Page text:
Guernsey’s Auction House will be conducting the sale of the original and only 21st century bronze cast of the 16th century figure of Leonardo da Vinci’s Horse and Rider on Wednesday October 30th at the Pierre Hotel in New York City.
The last occasion that a work of art attributed to the great artist became available was 2017, when Leonardo’s Salvator Mundi brought $450 million at auction. It was the highest amount ever paid at auction for a single work of art.
In the late 20th century, a centuries-old beeswax figure of a man on horseback was authenticated by scholars as having been the work of Leonardo da Vinci, dated to 1510. Due to the deteriorating condition of the wax, it was decided that a single bronze figure would be cast. Believed to be the model for what was to have been a monument honouring Leonardo’s patron Charles d’Amboise, the bronze casting was titled simply Horse and Rider (Cavalla e Cavaliere). The original wax remains in a private collection in London, whose owner remains anonymous.
Reported to have emerged from the Melzi collection in the early 20th century, the wax Horse and Rider became the object of intense study in the latter half of the century by Italy’s Dr. Carlo Pedretti (then, UCLA’s Armand Hammer Chair in Renaissance Studies). The Leonardo scholar not only authenticated the sculpture but also included it prominently in his three-volume masterwork of original Leonardo da Vinci art in the British collection of Her Majesty Queen Elizabeth II. In a 1985 letter, Pedretti wrote: “In my opinion, this wax model is by Leonardo himself…”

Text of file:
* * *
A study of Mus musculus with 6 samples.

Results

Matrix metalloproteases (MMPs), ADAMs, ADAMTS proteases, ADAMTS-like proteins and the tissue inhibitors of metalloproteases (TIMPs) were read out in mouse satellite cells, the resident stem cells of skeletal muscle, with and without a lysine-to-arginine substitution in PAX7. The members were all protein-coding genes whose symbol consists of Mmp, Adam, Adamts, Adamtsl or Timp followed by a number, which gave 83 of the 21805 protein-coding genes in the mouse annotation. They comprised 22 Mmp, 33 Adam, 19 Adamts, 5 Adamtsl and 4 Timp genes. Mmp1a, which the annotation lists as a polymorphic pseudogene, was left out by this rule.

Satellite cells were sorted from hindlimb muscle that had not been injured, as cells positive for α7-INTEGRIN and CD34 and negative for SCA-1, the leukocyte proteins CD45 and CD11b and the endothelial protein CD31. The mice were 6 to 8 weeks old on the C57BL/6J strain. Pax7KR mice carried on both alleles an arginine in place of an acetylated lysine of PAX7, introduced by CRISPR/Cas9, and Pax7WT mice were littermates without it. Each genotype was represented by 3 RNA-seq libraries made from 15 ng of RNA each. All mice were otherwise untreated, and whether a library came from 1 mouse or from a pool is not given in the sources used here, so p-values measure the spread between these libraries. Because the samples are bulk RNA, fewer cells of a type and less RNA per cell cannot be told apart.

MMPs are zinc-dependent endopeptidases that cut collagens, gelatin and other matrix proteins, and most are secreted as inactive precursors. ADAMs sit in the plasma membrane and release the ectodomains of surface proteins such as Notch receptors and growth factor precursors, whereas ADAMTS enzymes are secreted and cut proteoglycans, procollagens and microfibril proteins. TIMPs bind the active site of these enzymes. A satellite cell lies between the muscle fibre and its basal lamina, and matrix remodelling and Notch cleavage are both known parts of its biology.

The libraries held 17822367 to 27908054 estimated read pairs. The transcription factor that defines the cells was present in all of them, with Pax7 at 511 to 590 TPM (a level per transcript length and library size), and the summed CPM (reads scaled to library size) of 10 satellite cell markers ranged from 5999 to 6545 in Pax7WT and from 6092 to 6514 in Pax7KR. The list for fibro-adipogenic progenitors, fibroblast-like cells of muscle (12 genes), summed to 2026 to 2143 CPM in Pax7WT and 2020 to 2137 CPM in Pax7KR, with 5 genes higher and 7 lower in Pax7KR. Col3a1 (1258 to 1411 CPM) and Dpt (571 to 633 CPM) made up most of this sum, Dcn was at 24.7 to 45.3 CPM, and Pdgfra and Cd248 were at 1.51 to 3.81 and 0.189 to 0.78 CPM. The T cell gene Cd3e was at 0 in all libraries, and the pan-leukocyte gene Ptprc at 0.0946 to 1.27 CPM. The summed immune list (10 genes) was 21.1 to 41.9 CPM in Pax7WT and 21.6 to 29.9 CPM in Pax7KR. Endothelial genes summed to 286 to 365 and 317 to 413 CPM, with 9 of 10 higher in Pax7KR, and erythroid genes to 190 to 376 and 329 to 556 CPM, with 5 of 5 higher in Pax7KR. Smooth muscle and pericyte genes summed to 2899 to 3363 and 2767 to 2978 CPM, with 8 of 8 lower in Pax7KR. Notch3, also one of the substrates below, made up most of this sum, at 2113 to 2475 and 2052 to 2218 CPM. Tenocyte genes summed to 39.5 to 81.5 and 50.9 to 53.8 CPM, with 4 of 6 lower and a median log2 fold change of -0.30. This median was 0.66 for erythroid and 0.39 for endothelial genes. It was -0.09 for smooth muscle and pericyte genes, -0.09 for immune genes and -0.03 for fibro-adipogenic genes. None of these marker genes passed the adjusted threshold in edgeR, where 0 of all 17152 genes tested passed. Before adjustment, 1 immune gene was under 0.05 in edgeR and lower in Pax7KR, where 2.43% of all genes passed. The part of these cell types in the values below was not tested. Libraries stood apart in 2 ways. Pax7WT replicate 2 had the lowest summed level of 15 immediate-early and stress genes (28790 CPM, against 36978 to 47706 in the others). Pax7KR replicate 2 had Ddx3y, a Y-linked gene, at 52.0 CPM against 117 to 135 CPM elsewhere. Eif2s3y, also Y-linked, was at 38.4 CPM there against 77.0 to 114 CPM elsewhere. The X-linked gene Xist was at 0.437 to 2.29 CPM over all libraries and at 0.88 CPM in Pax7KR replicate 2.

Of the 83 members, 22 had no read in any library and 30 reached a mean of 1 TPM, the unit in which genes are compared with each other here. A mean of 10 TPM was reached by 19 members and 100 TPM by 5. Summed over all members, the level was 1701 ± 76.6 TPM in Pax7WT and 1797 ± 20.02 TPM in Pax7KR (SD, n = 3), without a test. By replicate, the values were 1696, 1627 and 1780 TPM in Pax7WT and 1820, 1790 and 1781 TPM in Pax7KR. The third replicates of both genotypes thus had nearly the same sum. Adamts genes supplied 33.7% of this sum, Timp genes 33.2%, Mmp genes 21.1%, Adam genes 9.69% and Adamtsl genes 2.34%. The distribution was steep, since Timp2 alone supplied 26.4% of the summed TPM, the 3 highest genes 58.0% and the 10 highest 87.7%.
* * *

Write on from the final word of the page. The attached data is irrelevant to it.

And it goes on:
Professor Ernesto Solari, a noted Leonardo da Vinci academic, authored a book entirely about Horse and Rider. At Cambridge University in 2005, Dr. Constance Moffatt spoke of the work in saying “the animation and pose of the horse match so many drawings made by Leonardo…”
In arriving at their statements, both Pedretti and Moffatt point to the similarities between the work and Leonardo’s horse drawings found in Queen Elizabeth II’s collection, studies by Leonardo for the Sforza and Trivulzio monuments, and carbon dating records.
President of Guernsey’s, Arlan Ettinger, said, “I am honoured to be part of a story centuries in the making. Guernsey’s is committed to finding an appropriate home for an invaluable piece of culture, and I look forward to welcoming all those interested to bid at the auction.”
Guernsey’s Auction House, in its forty-forth year, has built a reputation for representing extraordinary properties from the largest auction in history (the ocean liner the S.S. United States) to vintage racing cars on to artwork from the Soviet Union, pre-Castro Cuban cigars, the $3 million baseball, and the John F. Kennedy auctions. The auction house is particularly proud of its work with the Library of Congress in the preservation of the complete Rosa Parks Archive.